Molecular de-extinction offers hope against antimicrobial-resistant pathogens

AI and molecular de-extinction open the door to ancient antibiotics, offering new hope against antimicrobial resistance.
John Loeffler
Biofilm of bacteria Acinetobacter baumannii
Biofilm of bacteria Acinetobacter baumannii


Antimicrobial resistance is one of the most pressing medical challenges of the modern era, and scientists are turning to the potential of long-extinct organisms for help. 

The Machine Biology Group (MBG) at the University of Pennsylvania has leveraged new AI tools to explore the molecular diversity of ancient organisms to find novel drug therapies we can use today, even turning to the “de-extinction” of a molecule found in extinct species of humans.

Using AI and ‘extinct’ proteins to battle antimicrobial resistance

Antimicrobial resistance (AMR) is a pressing global issue that arises when microbes become resistant to antibiotics, thus increasing a host’s susceptibility to infectious diseases. Multiple factors contribute to AMR, such as antibiotic misuse and a lack of access to clean water, hygiene, and sanitation facilities. And, at present, AMR results in 700,000 fatalities annually and is predicted to claim ten million lives by 2050, according to MBG.

In looking for new therapies, MBG has turned to AI and a new machine-learning model called panCleave to search for antimicrobial peptides within both extinct and existing human proteins. The results of in vitro experiments have been promising, revealing the antimicrobial potential of both modern and archaic protein fragments.

Further comprehensive assessment of these peptides, their action mechanism, resistance to breakdown, and efficacy as anti-infective agents in two preclinical mouse models—published last week in the journal Cell Host & Microbe—revealed certain peptides demonstrating stability, non-toxicity, and potent antimicrobial properties.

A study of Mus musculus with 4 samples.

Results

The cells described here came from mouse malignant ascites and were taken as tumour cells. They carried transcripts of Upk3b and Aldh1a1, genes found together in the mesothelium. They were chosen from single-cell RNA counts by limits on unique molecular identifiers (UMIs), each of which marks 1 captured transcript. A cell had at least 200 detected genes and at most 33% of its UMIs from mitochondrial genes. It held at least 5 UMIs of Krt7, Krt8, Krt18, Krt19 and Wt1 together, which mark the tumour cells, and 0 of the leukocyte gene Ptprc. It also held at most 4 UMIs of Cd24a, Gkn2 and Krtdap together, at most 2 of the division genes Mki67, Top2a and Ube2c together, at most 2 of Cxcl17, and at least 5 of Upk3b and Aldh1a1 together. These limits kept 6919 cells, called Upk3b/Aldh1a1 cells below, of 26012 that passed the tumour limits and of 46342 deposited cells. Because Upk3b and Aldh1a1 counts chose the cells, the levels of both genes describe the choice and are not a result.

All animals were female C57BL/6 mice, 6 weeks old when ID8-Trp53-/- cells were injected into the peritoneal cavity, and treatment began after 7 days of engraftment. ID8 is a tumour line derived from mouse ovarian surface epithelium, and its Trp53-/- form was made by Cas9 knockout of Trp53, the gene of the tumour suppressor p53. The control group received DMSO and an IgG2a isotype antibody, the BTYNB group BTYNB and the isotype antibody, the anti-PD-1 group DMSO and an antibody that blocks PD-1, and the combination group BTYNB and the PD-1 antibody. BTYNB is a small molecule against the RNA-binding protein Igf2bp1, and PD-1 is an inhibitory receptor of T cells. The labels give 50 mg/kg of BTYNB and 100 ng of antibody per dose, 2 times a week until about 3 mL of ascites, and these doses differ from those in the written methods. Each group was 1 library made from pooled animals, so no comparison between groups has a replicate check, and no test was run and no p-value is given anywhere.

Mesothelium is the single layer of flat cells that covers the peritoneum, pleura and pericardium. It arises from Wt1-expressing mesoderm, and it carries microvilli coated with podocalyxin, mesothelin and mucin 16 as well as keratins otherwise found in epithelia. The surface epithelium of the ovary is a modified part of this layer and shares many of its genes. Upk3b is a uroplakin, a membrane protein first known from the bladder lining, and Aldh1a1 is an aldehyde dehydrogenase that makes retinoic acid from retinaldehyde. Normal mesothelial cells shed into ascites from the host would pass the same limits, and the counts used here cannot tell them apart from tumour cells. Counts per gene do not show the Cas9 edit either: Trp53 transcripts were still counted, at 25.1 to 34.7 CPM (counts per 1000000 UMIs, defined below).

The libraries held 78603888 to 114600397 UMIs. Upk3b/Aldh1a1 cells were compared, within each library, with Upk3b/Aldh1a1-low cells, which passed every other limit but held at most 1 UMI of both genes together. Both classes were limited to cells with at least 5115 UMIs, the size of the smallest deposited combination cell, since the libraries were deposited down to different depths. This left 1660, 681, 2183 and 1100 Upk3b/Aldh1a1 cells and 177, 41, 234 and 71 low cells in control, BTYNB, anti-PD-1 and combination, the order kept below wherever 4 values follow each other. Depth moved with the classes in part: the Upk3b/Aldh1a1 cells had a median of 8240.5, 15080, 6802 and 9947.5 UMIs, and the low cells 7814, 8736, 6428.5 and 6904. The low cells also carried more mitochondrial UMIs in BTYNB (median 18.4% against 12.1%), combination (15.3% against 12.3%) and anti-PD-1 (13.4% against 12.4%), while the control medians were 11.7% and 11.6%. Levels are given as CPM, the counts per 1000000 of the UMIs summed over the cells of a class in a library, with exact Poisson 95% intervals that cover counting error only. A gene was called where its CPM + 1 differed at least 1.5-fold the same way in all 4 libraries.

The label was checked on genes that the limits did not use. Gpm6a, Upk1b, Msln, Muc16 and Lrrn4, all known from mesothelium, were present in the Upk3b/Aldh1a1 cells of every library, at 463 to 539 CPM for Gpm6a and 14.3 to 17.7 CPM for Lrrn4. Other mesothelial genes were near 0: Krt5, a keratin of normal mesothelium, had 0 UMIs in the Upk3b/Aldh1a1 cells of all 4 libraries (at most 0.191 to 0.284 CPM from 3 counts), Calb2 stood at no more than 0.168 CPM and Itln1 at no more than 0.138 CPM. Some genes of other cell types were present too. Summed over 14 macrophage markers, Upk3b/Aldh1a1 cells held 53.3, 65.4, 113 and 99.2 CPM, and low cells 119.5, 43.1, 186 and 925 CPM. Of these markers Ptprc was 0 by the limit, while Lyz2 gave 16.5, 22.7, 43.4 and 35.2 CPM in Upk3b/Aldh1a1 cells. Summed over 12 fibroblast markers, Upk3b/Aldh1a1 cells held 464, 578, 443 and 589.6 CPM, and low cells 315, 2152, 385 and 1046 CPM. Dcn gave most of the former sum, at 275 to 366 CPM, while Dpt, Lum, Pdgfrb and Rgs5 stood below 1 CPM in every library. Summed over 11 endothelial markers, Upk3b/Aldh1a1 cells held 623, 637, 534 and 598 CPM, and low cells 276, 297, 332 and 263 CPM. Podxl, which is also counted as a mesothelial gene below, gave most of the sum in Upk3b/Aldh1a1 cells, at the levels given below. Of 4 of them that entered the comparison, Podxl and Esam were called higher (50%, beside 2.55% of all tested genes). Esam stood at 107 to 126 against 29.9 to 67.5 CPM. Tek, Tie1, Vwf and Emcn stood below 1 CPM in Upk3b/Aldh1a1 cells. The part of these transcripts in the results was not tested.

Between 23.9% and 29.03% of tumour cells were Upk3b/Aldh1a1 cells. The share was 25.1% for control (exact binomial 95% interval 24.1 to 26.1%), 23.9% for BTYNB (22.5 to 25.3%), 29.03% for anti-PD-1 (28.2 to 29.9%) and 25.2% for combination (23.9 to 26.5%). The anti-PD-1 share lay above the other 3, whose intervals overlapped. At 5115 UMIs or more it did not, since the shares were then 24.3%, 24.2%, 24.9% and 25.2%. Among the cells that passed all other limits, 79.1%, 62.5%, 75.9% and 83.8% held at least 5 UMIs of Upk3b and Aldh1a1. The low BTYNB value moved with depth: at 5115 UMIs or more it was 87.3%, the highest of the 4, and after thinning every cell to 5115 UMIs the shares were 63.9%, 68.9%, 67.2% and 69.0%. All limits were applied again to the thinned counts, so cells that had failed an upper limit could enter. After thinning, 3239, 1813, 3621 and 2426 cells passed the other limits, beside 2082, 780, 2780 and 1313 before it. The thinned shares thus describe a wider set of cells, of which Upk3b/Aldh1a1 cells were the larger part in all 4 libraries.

These results indicate a potential pathway to the development of novel anti-infective agents that may not have been considered up until now.

This breakthrough has resulted in the successful discovery of antibiotics from extinct organisms, notably Neanderthals and Denisovans, which are two species of humans that have gone extinct but whose DNA is incorporated into our own to varying degrees. 

This new area of research, termed "molecular de-extinction" by the paper’s authors, focuses on reviving specific extinct molecules rather than resurrecting entire organisms, which comes with several practical and ethical concerns. 

The approach utilizes advancements in machine learning, synthetic biology, and chemistry to discover, synthesize, and test extinct molecules in the lab, the researchers say. The convergence of these fields promises to open up uncharted territory in terms of molecular sequences, allowing researchers to delve into evolutionary history and unlock a wealth of potential therapeutic agents. Furthermore, this transformative approach helps us understand the significance of peptide sequences and their roles in immunity throughout evolutionary history.

"Our findings suggest that molecular de-extinction holds tremendous potential as a framework for antibacterial drug discovery," lead author César de la Fuente said. 

Molecular de-extinction is not without problem, however

Even as the potential for these new therapeutics is certainly exciting, the authors acknowledge the ethical considerations and legal frameworks that arise from them as well, such as what it means to resurrect molecules no longer expressed in living organisms, and whether de-extinct molecules are eligible for patents. These are questions that haven’t been addressed before but will need to be answered quickly.

The emergence of this potentially fruitful field means careful deliberation among scientists, ethicists, patent lawyers, policymakers, and the wider public is essential to ensure that this research aligns with the ethics and overall benefit to society.

Still, this research provides promising possibilities for addressing critical public health challenges related to AMR and infectious diseases, where there has been little progress in recent years.